Dr Jo Littler draws from her research in her book Against Meritocracy: Culture, power and myths of mobility.


Dr Jo Littler says people in Britain, as in a wide range of countries from the US to Singapore, are being told that they live in a meritocracy – a ‘fair’ society in which citizens can achieve anything with enough hard work, regardless of their social position at birth.

However, she argues this is a myth because many people are increasingly disadvantaged in various ways, often by their gender and ethnicity, as well as their levels of financial wealth.

The book, Against Meritocracy: Culture, power and myths of mobility, traces the history of the idea of meritocracy and uses case studies from Dr Littler’s own research to show how popular culture and advertising are being used to support the notion.

She said: “My research shows how the idea of meritocracy is today an inescapable part of our culture. It’s all around us, not just in the political world, but in media, education and in stories told about work. It contains a grain of truth and a whole heap of mystification.

“I am particularly interested in what I call the ‘meritocratic deficit’ – or how those already socially disadvantaged in terms of gender, ethnicity and class have been doubly disadvantaged over the past few decades by being incited so forcefully to climb the ladder.”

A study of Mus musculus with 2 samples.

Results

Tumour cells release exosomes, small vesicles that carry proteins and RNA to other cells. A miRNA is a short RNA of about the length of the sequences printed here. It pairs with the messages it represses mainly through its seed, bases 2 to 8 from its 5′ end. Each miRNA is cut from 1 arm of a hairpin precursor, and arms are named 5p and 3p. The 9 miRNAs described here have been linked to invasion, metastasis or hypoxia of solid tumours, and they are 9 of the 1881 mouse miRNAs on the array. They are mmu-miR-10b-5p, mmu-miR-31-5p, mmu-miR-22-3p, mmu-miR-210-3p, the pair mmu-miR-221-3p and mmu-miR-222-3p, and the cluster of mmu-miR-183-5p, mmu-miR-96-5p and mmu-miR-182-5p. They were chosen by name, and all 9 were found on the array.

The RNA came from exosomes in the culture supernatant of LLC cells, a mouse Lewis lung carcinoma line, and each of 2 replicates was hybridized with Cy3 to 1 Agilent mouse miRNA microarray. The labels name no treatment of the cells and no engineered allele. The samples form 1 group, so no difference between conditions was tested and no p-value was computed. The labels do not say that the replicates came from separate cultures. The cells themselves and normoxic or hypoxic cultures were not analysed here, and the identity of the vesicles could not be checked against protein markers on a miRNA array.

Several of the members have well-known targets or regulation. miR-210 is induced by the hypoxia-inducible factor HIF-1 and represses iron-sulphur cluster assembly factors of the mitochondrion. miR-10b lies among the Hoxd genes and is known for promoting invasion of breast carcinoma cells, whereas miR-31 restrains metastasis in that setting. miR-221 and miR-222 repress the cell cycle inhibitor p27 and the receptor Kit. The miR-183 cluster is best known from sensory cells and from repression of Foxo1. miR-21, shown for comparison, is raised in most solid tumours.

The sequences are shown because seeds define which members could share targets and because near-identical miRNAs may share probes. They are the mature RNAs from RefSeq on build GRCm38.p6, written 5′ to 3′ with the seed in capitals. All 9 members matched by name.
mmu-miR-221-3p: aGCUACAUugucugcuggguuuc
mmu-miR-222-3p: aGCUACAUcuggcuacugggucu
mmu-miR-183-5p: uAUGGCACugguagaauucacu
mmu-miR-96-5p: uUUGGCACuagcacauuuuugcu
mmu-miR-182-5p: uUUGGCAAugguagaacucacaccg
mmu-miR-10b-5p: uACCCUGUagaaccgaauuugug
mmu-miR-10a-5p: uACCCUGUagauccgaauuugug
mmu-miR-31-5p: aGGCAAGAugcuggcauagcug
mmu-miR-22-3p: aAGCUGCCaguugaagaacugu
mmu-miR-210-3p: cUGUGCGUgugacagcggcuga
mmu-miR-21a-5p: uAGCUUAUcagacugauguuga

Meritocracy and neoliberalism

The first part of Against Meritocracy discusses the history of the idea and where it comes from. The second part discusses case studies that present myths of social mobility and the 'parables of progress’.

The examples include the idea of the ‘mumpreneur’, a mother who juggles childcare while running her own business, the row over racial diversity on HBO reality TV show Project Greenlight, and representations of the ‘deserving’ rich in programmes like The Apprentice and CEO autobiographies.

Dr Littler, a Reader in the Department of Sociology at City, says the rise in the promotion of meritocracy has come with the rise of neoliberalism – the political theory that suggests society works best if people are encouraged to take individual responsibility and public services are privatised.

“The book argues that under neoliberalism, the idea of meritocracy has been marketised and used as an ideological weapon by a wealthy elite,” she said.

Against Meritocracy argues meritocracy is the key cultural means of legitimation for contemporary neoliberal culture – and that while it promises opportunity, it in fact creates new forms of social division.

“People are encouraged to internalise the idea that if they fail to climb the ladder, it is their own fault, at the same time as the chances of being able to climb it are falling on a daily basis,” she said.

Dr Littler also recently discussed the issues associated with the meritocracy in an article for the Guardian.